Twitter Plot Summary: A teenage girl is given a curse, and is followed by a invisible force. If it catches her she dies. She has to have sex to get rid of it.
We’re suffering from a dearth of original horror films at the moment. With last year’s excellent The Babadook aside (one of my Top 10 films for all of 2014, fact fans), with many modern directors choosing to exploit the tried and tested “quiet/BANG” formula – case in point, anything made by James Wan. Ever. In light of this, it’s a genuine delight when something entertaining and, above all, scary, is produced. Step up It Follows, now is your time in the spotlight.
As you may (or may not) have read from my earlier blogging exploits, I was a latecomer into the world of horror, starting with the older, relatively tame horror films and working my way up to the likes of The Human Centipede and the extreme end of torture porn horror films. There’s only so far you can go in terms of extreme imagery, so it stands to reason that the horror film as we know it will look back on successes of the past and try to emulate whatever worked 30-odd years ago. Hey, if it worked for John Carpenter then it might work for us, right?
Jay (Maika Monroe) is a likeable, attractive teenager. She’s good looking enough to be spied upon by the local boys, yet not so up her own backside that she’s unlikeable to us mere mortals. She’s met this guy who seems like a thoroughly nice chap, but of course this proves to be a cunning ruse on his part. On their date they decide to sleep together in his car. As she sits there, content, he knocks her out with some chloroform or similar and next thing she knows, she’s tied to a chair in an abandoned factory being slowly approached by a naked lady. On that point – this might have been deliberate, but there is a lot of female nudity in this film, less so on the male nudity. There’s a big cliche right there. No pun intended. It turns out that the curse is transmitted to other people through sexual contact, and he’s now passed it to her – kind of like the ultimate STD. The options are to either sleep with someone else and pass it on to them, or to keep it and forever be on the run. The moral quandaries caused by this point alone are vast in scale, playing with our concepts of what constitutes normal relationships and subverting the idea of promiscuous teenagers.
Monroe played second fiddle in The Guest to the sublime Dan Stevens, but here she gets top billing as the girl who finds the malevolent spirit following her wherever she goes. She’s got a solid group of friends around her, including her younger sister Kelly (Lili Sepe), the slightly geeky Yara (Olivia Luccardi) and male friends Paul (Keir Gilchrist) and local ladies man Greg (Daniel Zovatto). Don’t expect parental support any time soon – the absent parent cliche is in full effect.
This a world in which horror cliches are subverted yet also just as frequently upheld. The premise at its core is a strong one for certain. There’s something inherently creepy about the idea of a nonspeaking, relentless force constantly on your tail, more so because it never runs, only walks in a slow and deliberate manner. In this respect it can be likened to the classic non-sprint edition of your typical zombie, albeit in this case there’s only one of them, only you (and the previously infected) can see it, and destroying the brain is only a minor inconvenience. There are of course various moments in which the rug could potentially be pulled out from under you, throwing in red herrings just to make you think the menace is nearby when in fact it’s just somebody walking through the area. The fact the thing can look like anyone adds another layer of confusion to proceedings. Is that really your friend, your sister, your mother, or is it something more evil out to get you?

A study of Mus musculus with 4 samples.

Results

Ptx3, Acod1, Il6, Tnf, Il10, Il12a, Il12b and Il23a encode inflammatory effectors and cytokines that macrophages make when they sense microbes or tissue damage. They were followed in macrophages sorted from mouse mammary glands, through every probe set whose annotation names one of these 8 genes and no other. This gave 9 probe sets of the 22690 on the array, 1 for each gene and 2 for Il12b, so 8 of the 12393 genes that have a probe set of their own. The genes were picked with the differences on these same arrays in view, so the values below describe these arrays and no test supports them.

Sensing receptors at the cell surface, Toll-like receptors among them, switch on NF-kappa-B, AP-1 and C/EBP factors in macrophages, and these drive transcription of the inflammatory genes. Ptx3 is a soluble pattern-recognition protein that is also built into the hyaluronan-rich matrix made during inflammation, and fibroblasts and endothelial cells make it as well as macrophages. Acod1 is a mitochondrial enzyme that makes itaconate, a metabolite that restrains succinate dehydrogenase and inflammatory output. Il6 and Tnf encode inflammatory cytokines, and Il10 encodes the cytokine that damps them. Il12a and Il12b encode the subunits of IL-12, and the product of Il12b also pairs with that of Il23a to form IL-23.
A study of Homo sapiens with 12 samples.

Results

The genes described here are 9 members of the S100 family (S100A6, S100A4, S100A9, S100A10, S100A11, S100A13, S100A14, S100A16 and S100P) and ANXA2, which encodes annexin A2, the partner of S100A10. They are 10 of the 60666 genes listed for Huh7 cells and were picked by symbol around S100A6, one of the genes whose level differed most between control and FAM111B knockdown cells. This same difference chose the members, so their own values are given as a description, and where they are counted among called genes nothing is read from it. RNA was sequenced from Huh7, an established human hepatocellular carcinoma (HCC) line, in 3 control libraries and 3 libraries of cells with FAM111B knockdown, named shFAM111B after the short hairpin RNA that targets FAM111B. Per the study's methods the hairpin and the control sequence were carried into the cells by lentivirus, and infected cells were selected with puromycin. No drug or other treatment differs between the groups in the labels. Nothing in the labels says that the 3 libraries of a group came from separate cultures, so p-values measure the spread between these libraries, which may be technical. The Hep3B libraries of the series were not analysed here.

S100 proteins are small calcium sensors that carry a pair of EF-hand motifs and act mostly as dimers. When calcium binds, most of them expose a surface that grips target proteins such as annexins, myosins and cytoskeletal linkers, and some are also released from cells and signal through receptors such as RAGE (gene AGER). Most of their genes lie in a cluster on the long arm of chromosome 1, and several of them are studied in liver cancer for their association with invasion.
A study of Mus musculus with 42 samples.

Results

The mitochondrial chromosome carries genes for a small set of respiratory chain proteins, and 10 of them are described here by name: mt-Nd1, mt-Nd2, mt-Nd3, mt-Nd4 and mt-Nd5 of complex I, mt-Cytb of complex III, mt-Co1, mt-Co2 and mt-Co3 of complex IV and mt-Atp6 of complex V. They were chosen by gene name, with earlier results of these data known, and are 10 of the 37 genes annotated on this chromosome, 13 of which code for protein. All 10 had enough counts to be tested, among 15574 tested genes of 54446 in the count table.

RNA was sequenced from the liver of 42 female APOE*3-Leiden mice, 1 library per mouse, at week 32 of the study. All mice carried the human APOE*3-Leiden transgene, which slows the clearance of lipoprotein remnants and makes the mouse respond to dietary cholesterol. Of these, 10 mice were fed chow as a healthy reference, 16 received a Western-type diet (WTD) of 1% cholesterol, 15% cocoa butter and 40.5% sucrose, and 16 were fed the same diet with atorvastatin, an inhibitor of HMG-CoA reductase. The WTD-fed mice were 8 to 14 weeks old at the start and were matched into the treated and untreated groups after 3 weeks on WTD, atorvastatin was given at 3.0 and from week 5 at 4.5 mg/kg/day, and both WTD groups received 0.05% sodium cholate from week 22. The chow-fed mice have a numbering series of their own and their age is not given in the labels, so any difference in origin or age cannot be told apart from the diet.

This would all be less than spectacular without the soundtrack, masterfully provided by Disasterpiece and evoking the back catalogue of horror maestro. (well, perhaps not so much recently) Dario Argento. It couldn’t be more 80s in style unless it decided to crack out the Rubik’s Cube and proclaim Wham! as being the best pop group of all time.
By the end, we’re left clueless as to what the thing that follows them really is. No explanation is provided, only that if you die it will return back down the chain to the person who infected you, killing indiscriminately as it goes. It’s best left this way I think, to explain away the motives and reasons for the being’s existence would spoil much of the fun. Why give an explanation when it’s more fun leaving it to the audience’s imagination?
Of course, the answer for ridding yourself of the creature (besides having sex with an unwitting victim) is simple: as it never seems to be comfortable with crossing an ocean, just take a sojourn across the globe every 6-12 months and see how it copes with that. Problem solved.